Alcohol Detox: Overview, Withdrawal, How it Works, and Detox Length - America's Rehab Campuses
Get Into Treatment Today: Detox & Inpatient - Beds Available Now. Updated: 01/23/19

Alcohol Detox: Overview, Withdrawal, How it Works, and Detox Length

People who are dependent on alcohol can have a difficult time withdrawing from it due to a range of unwanted symptoms, including tremors, vomiting, and diarrhea. Alcohol withdrawal can be particularly dangerous for those who have been drinking large quantities of alcohol for a long period of time since these individuals face a higher risk for complications like seizures and death. However, alcohol detox can help patients safely withdraw from alcohol with a reduced risk of complications, allowing them to successfully recover from alcohol addiction.

What Is Alcohol Detox?

Alcohol detox is a professional, evidence-based treatment used at alcohol and drug rehab centers to help people safely stop drinking and overcome alcohol dependence. The goal of alcohol detox is to reduce withdrawal symptoms and prevent complications that commonly arise from alcohol use. Many alcohol rehab centers use medications as part of alcohol detox to control and reduce symptoms until patients have fully withdrawn and recovered from alcohol dependence.

Alcohol Withdrawal Symptoms

Symptoms of alcohol withdrawal usually begin within six to 24 hours of the last drink and peak at between 36 and 72 hours.

Alcohol withdrawal symptoms may include:

  • Fever, excessive sweating, and dehydration.
  • Dilated pupils and loss of appetite.
  • Nausea, diarrhea, and vomiting.
  • Fatigue and depression.
  • Tremors, especially in the hands.
  • Increased heart rate and blood pressure.
  • Insomnia and nightmares.
  • Nervousness, anxiety, and extreme agitation.
  • Irritability and mood swings.
  • Hallucinations, delirium, and seizures.

What Happens During Alcohol Detox?

Alcohol detox can take place in an inpatient or outpatient treatment setting, though inpatient rehab is generally recommended for those suffering moderate to severe alcohol withdrawal symptoms. Inpatient treatment centers allow patients to be monitored closely for hallucinations and a severe form of alcohol withdrawal called delirium tremens, which is marked by seizures and severe confusion.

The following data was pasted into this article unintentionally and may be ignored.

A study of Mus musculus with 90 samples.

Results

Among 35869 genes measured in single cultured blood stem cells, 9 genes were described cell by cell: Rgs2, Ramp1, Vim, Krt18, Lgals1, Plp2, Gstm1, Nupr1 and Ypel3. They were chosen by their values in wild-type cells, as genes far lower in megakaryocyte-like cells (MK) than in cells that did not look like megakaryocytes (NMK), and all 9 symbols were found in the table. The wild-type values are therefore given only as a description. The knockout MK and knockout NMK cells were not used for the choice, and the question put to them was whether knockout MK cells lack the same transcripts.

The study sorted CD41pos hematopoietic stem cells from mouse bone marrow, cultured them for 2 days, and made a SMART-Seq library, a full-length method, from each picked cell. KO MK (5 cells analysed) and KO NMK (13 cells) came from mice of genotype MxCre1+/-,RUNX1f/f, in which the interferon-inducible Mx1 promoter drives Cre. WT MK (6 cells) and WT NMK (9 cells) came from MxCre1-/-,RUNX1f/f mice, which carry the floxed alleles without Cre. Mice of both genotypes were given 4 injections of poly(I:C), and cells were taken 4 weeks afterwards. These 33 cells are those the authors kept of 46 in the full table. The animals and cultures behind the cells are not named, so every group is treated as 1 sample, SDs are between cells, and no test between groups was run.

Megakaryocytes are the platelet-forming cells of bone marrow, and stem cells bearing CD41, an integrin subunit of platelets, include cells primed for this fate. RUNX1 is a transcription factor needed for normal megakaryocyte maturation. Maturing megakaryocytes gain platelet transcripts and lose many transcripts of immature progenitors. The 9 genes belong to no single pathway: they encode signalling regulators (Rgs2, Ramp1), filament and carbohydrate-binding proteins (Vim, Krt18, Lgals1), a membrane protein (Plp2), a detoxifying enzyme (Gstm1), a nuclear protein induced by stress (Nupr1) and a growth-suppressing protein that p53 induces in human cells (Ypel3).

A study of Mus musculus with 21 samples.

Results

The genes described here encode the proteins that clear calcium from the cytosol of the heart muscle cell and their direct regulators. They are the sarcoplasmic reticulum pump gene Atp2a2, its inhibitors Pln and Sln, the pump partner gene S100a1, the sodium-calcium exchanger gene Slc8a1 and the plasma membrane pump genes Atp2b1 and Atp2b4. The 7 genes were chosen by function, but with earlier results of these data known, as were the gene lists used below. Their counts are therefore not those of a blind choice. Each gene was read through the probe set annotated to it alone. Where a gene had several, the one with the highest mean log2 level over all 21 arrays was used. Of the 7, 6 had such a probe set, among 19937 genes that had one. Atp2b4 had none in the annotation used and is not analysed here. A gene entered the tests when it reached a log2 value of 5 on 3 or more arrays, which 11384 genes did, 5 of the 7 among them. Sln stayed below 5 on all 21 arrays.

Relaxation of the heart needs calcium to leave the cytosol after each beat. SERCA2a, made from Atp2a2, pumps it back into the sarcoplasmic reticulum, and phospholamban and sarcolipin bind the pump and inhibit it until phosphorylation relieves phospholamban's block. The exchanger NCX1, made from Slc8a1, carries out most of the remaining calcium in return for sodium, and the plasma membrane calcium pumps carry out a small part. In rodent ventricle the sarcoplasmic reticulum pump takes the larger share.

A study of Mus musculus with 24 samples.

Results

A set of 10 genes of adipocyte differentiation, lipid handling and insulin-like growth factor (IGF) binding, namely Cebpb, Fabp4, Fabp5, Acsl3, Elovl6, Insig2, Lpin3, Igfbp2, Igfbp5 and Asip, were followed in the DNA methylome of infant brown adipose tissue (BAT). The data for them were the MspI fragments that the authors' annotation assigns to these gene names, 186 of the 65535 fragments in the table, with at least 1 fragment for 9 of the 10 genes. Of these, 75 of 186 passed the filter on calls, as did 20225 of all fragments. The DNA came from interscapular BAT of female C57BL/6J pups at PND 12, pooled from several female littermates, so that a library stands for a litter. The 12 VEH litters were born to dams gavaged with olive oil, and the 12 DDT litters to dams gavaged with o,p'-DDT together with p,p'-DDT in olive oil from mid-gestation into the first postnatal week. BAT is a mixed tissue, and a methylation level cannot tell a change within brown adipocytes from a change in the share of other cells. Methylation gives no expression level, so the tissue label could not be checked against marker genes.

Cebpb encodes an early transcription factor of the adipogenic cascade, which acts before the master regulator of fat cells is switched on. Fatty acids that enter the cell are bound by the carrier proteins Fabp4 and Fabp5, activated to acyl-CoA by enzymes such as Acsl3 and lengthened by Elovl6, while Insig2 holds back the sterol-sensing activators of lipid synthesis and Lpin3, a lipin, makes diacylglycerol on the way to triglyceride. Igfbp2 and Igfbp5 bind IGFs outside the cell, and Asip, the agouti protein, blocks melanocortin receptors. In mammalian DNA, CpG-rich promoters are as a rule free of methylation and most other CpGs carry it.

During alcohol detox, medical staff monitors patients for symptoms and complications as well as takes readings for blood pressure, heart rate, and body temperature. Benzodiazepines like diazepam may be used to sedate patients and relieve symptoms until the withdrawal period has ended. Patients are usually advised to drink plenty of water throughout the day to replace fluids lost through sweating and diarrhea. In some instances, fluids and medicines may be administered intravenously for those recovering from severe alcohol dependence.

How Long Does Alcohol Detox Last?

Alcohol withdrawal symptoms usually last for between two and 10 days but may go on for weeks depending on the severity of the addiction. Alcohol detox is only the first stage of alcohol addiction treatment, and it rarely helps people achieve long-term abstinence on its own. After alcohol detox, patients normally transition to alcohol rehab centers where they can receive therapy to recover from addiction.

America’s Rehab Campuses use alcohol and drug detox to help you safely overcome substance use disorders and addiction. Contact us today to learn more about our many available addiction treatment programs that can be customized to help you or a loved one experience a full, safe recovery from drug and alcohol dependence.